Around Anzac Day the headmaster of my old school, Broadgreen Intermediate in Stoke, Nelson, would always relate the story of Simpson and his donkey. Australian Private John Simpson, real name John Simpson Kirkpatrick, landed at Gallipoli on the 25th April 1915. He soon ‘acquired’ a donkey, known variously as ‘Murphy’, ‘Abdul’ or ‘Duffy’. Simpson and Murphy then worked together, bringing in the wounded from the firing line.
The image of the humble private and his donkey bearing wounded soldiers to safety has a universal resonance, with Biblical overtones of donkeys and Good Samaritans. Simpson was killed on 19 May 1915, less than a month into the Gallipoli campaign. He became a folk hero in Australia, his story combining self-sacrifice, mateship, courage and compassion. He was held to represent all the finest qualities of the Anzacs, in particular the stretcher bearers. Simpson’s image is represented in a statue near the Shrine of Remembrance in Melbourne, and another at the Australian War Memorial in Canberra. His grave at the Beach Cemetery, Anzac Cove, has become a site of pilgrimage.
There is an ironic New Zealand connection to the John Simpson Kirkpatrick story. The most famous image of ‘Simpson’ is a painting by New Zealand soldier-artist Horace Millichamp Moore-Jones, entitled Private Simpson D.C.M. & his donkey at Anzac. Moore-Jones was at Gallipoli until November 1915, when he was evacuated wounded. He does not appear to have met Simpson. The artist painted at least two versions of his ‘Simpson’ painting, the first of them painted in Dunedin, in 1918. Moore-Jones based his ‘Simpson’ on a photo of a man with a donkey. The photo was in fact of New Zealand medic Richard ‘Dick’ Henderson. There had been a number of men and donkeys rescuing wounded soldiers at Gallipoli, although Simpson was the most well known. Moore-Jones, who died in 1922, appears to have been unaware of his error, which was only cleared up in 1950. There is a statue of Henderson in front of the National War Memorial in Wellington.
Despite my assumed familiarity with the Anzac story, I knew nothing of Simpson’s connection to South Shields, my partner Janis’ hometown in the North East of England. During a recent visit, I was surprised to come across a large statue of John Simpson Kirkpatrick and his donkey in the main thoroughfare of Ocean Road. I learned that John Simpson Kirkpatrick, the sum of all Anzac virtues, was in fact a Geordie. He was born in Tyne Dock, a tough working-class neighbourhood of South Shields. Young Jack, as he was known, is said to have always had a love of animals. He was particularly fond of the horse he drove in his childhood job on the milk rounds and the donkeys that people rode at the South Shields seaside.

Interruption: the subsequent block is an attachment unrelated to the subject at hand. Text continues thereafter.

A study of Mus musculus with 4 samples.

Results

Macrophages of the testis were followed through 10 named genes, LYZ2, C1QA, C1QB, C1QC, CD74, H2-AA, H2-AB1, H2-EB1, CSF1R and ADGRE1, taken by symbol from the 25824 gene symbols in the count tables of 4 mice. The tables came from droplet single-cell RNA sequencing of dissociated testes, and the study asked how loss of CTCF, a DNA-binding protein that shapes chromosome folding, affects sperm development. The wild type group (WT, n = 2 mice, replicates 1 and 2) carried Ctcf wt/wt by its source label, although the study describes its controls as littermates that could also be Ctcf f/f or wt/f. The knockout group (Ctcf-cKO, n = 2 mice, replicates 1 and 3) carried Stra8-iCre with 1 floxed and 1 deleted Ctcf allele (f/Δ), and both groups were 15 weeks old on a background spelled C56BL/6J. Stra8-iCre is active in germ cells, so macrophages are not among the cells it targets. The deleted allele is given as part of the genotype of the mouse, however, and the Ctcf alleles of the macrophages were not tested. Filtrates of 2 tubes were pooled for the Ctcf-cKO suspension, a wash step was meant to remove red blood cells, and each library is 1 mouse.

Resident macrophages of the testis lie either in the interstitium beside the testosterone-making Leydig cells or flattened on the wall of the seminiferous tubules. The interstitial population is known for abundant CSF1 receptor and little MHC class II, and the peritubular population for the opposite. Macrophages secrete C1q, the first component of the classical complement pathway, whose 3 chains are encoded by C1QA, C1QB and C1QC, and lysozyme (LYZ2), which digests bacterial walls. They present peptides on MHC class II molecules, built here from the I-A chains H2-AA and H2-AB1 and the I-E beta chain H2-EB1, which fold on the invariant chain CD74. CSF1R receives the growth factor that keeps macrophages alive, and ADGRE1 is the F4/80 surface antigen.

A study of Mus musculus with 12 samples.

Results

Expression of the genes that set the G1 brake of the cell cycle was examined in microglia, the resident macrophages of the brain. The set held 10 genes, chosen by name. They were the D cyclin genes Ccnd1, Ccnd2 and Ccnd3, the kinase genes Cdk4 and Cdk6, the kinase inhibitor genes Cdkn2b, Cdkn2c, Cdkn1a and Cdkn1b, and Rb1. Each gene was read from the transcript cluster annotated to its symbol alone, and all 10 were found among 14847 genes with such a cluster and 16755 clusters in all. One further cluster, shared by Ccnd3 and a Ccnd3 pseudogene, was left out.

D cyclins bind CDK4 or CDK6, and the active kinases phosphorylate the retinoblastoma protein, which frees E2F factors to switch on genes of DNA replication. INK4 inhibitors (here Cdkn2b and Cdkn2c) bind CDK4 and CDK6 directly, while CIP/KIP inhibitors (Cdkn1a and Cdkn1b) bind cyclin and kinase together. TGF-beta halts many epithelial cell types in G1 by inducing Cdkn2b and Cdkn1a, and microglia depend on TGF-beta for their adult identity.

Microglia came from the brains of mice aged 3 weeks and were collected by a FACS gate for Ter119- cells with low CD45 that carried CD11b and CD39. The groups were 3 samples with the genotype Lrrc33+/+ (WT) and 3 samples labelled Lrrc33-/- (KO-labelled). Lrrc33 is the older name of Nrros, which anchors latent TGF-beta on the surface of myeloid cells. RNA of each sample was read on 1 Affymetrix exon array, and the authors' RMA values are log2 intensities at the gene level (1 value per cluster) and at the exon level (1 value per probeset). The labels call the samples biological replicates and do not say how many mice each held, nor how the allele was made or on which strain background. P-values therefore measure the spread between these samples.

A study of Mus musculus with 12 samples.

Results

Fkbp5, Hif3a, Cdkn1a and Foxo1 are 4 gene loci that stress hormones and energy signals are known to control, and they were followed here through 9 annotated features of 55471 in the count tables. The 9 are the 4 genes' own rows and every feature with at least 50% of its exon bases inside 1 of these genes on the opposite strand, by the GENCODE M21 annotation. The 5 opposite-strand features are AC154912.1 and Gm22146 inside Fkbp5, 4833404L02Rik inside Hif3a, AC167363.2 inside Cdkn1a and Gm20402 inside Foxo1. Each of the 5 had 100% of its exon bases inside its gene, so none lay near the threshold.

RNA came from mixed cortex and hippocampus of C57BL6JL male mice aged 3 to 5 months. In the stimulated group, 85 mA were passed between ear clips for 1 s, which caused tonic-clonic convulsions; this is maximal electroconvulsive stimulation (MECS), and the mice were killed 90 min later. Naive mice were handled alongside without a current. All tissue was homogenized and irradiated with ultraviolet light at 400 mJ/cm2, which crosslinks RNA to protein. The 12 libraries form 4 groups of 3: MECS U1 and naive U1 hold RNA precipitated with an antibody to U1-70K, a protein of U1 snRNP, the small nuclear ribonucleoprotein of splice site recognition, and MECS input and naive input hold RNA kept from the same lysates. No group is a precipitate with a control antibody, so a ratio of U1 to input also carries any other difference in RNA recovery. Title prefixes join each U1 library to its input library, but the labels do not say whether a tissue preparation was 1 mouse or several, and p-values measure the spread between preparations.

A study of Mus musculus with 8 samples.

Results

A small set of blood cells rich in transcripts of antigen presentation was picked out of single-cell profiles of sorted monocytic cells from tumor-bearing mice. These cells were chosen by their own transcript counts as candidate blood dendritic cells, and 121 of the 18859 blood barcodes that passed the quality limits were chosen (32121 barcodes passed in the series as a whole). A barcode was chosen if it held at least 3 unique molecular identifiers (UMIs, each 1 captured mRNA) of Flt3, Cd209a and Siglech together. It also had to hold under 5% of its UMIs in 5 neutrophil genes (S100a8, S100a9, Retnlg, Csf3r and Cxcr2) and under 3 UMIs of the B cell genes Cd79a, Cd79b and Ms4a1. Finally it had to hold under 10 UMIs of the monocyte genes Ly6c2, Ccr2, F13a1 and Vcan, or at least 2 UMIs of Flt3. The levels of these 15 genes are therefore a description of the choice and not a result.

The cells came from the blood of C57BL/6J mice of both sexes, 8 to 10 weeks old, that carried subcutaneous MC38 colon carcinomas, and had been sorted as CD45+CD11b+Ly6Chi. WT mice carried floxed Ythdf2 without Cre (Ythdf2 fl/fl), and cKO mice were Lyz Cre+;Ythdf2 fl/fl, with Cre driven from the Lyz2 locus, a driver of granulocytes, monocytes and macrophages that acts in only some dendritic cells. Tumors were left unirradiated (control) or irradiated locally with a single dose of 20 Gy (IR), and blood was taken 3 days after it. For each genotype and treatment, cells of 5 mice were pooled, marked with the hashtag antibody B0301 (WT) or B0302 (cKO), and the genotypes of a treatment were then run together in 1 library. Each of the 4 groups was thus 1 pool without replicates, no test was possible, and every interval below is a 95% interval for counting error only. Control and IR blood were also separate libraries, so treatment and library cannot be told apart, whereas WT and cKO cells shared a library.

In 1909 the 17-year-old Jack went to sea, leaving home a few days after his father died. He jumped ship at Newcastle, New South Wales, in 1910, having long desired to spend time in Australia. Jack worked as an itinerant miner, farm labourer and sailor around Australia and its coasts. Although he liked a drink and the occasional scrap, Jack always sent about a quarter of his pay home to his widowed mother in South Shields. By the time war came in 1914, Jack was thinking of a return trip to England – apparently a motivating factor in his enlistment in 1914. For reasons that remain mysterious, he enlisted under the name John Simpson.
Instead of a direct trip home, Jack ended up at Anzac Cove, where his exploits and early death brought him lasting fame. The figure of Simpson, the man with the donkey, was held up by pro-conscriptionists and recruiting sergeants as a great example of loyalty to king and empire, and support for comrades at the front. This image fed into the huge debate going on in Australia over the introduction of conscription. With casualties mounting and the Mother Country calling for more men, the New Zealand government had introduced conscription in 1916. In contrast to New Zealand’s direct approach, the Australian government held two referendums on conscription. In each of the referendums, held in 1916 and 1917, the majority of voters rejected its introduction.
The use of John Simpson Kirkpatrick as an image of Australian loyalty to empire had a deep irony. Not only was Jack a recent Geordie immigrant to Australia, he was also a staunch socialist. Having grown up working class in a depressed industrial area, Jack referred to England as ‘that louse bound country’ (quoted in Peter Cochrane, Simpson and the donkey: the making of a legend. Carlton: Melbourne University Press, 1992, p. 19). He wrote home to his mother, ‘what they want in England is a good revolution that will clear some of these Millionaires and lords and Dukes out of it’ (quoted in Simpson and the donkey, p. 18). Despite these views, Jack still ended up dying in the Great War after having rescued many of his comrades. Along with the memorial statue, there is another monument to him in South Shields: the old South Shields School for Mariners building, right by the statue, is now a pub and nightclub, named The Kirkpatrick in his memory. Jack, a canny South Shields lad who enjoyed a good ‘bit a crack’ (a good yarn), a ‘bloo aat’ (drinking session) and the occasional punch up, would surely have approved of such an honour.